American animal rights activists have extended a helping hand to golden retrievers in Istanbul that were abandoned by their owners. More than 200 dogs will fly to the U.S. as part of the ‘Adopt a Golden' project
Istanbul is home to a large number of golden retrievers that were left in animal shelters either by their owners or found as strays on the streets. Adopt a Golden, an animal rights' nongovernmental organization (NGO), recently launched a campaign to save them from overcrowded shelters and give them a new home in the United States. A total of 36 dogs flew to Atlanta, Georgia, last May in what the NGO website dubbed the "largest rescue of golden retrievers internationally," and another 15 dogs were flown in from Istanbul last month. Now the Alabama branch of the NGO started a new rescue operation to bring a total of 214 golden retrievers from Istanbul.
The "Turkey Dogs" campaign, started by Adopt a Golden Alabama, launched when six golden retrievers were treated to a homecoming party in Birmingham, Alabama, where they met their new owners and were given new names after being flown to the U.S. from Istanbul.
A donation campaign was also launched, as activists say they need $9,000 for the dogs' transportation. A fundraising event is scheduled for Sept. 10 in which golden retrievers already calling the U.S. home will attend.
Though interest is high in adopting a golden retriever from Turkey, a lengthy adoption process poses a problem for owners. Dogs are transported to the U.S. by a company that specializes in animal air travel, and the dogs are provided a comfortable environment during the grueling flight of more than 10 hours.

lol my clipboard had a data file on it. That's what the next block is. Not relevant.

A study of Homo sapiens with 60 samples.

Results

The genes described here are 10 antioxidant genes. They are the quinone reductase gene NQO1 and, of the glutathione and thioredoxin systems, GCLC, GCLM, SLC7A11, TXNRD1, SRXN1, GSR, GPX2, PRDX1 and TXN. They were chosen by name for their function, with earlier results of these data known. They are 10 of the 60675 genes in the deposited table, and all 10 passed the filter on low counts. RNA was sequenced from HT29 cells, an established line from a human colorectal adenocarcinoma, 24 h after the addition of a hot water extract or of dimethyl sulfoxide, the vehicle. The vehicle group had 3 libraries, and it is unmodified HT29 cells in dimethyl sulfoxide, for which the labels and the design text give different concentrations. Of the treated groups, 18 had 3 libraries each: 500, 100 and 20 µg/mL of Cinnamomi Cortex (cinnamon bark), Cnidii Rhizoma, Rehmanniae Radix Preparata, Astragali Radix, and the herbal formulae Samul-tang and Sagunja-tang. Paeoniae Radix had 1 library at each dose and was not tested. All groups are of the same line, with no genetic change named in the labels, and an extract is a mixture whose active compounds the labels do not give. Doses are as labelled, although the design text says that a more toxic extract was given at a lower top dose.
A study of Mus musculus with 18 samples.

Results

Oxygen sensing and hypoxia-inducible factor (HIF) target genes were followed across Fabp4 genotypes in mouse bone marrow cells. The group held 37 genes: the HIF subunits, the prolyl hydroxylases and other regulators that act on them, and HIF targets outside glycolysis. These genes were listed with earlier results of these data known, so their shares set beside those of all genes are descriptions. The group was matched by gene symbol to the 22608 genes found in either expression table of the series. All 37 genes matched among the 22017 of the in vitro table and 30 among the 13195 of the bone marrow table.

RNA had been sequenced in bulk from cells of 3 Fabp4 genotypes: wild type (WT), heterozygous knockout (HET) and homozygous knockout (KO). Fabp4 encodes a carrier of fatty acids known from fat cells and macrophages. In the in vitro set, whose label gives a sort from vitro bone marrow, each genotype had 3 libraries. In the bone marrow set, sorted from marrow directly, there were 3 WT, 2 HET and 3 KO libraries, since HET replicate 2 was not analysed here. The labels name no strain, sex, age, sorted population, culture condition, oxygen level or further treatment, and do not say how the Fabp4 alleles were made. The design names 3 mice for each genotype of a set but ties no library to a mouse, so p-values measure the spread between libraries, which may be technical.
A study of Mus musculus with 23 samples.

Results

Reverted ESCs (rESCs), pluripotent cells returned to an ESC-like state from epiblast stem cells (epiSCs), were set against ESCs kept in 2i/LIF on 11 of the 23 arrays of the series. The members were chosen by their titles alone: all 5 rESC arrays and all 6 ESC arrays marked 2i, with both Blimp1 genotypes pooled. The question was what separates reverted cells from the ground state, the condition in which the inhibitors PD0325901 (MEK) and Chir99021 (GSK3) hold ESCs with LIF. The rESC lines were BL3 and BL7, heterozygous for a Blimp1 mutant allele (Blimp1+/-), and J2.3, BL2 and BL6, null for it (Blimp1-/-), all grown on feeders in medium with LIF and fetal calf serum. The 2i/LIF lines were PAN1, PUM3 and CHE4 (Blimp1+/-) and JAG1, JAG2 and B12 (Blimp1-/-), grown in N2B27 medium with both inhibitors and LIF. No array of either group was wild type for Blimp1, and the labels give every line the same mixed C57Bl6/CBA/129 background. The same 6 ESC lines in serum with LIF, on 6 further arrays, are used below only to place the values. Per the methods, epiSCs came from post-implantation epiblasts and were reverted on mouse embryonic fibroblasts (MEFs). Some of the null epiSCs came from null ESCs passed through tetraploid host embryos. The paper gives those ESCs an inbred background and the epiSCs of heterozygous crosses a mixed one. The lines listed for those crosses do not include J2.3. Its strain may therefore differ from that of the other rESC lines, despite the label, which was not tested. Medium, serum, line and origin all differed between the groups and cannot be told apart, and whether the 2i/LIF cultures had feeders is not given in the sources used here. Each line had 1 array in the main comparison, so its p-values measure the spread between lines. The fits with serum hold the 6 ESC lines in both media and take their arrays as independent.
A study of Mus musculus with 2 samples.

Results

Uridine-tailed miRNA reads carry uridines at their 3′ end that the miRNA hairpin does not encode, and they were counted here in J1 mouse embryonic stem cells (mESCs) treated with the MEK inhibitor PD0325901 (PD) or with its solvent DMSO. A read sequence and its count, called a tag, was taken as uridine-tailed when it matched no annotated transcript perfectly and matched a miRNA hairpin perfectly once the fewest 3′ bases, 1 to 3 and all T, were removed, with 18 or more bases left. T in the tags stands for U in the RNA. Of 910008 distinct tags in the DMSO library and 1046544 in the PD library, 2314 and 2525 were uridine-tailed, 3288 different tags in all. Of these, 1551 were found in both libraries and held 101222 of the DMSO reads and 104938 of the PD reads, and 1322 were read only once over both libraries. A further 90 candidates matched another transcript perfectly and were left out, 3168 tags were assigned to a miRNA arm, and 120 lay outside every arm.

Adopt a Golden also hired Turkish-speaking volunteer interpreters to retrain dogs to understand commands in English.
Purebred golden retrievers were victims of a fad among Turkish high society in the early 2000s. Their rich owners quickly got bored with the poor animals, and they were abandoned on the streets. Though many found a home in animal shelters after they were spayed and neutered, others struggled to survive on the streets - an environment to which they are not accustomed. Now, as animal shelters are already overcrowded, they face a new threat to their lives.
Istanbul, Turkey's largest city, is famous for its stray cats and dogs, which are ubiquitous in the city. Stray dogs are re-released to the streets after they are vaccinated to prevent rabies infections, and their ears tagged to show they are vaccinated. Once, there were plans to ship the dogs to forests far from residential areas to provide "a natural habitat" for them, but it was quickly shelved after reaction from animal rights activists.
Golden retrievers, which are famous for having a gentle temper and a warm disposition, are in danger of being mauled to death when engaged in fights with other dogs on the streets, raising concerns among concerned citizens.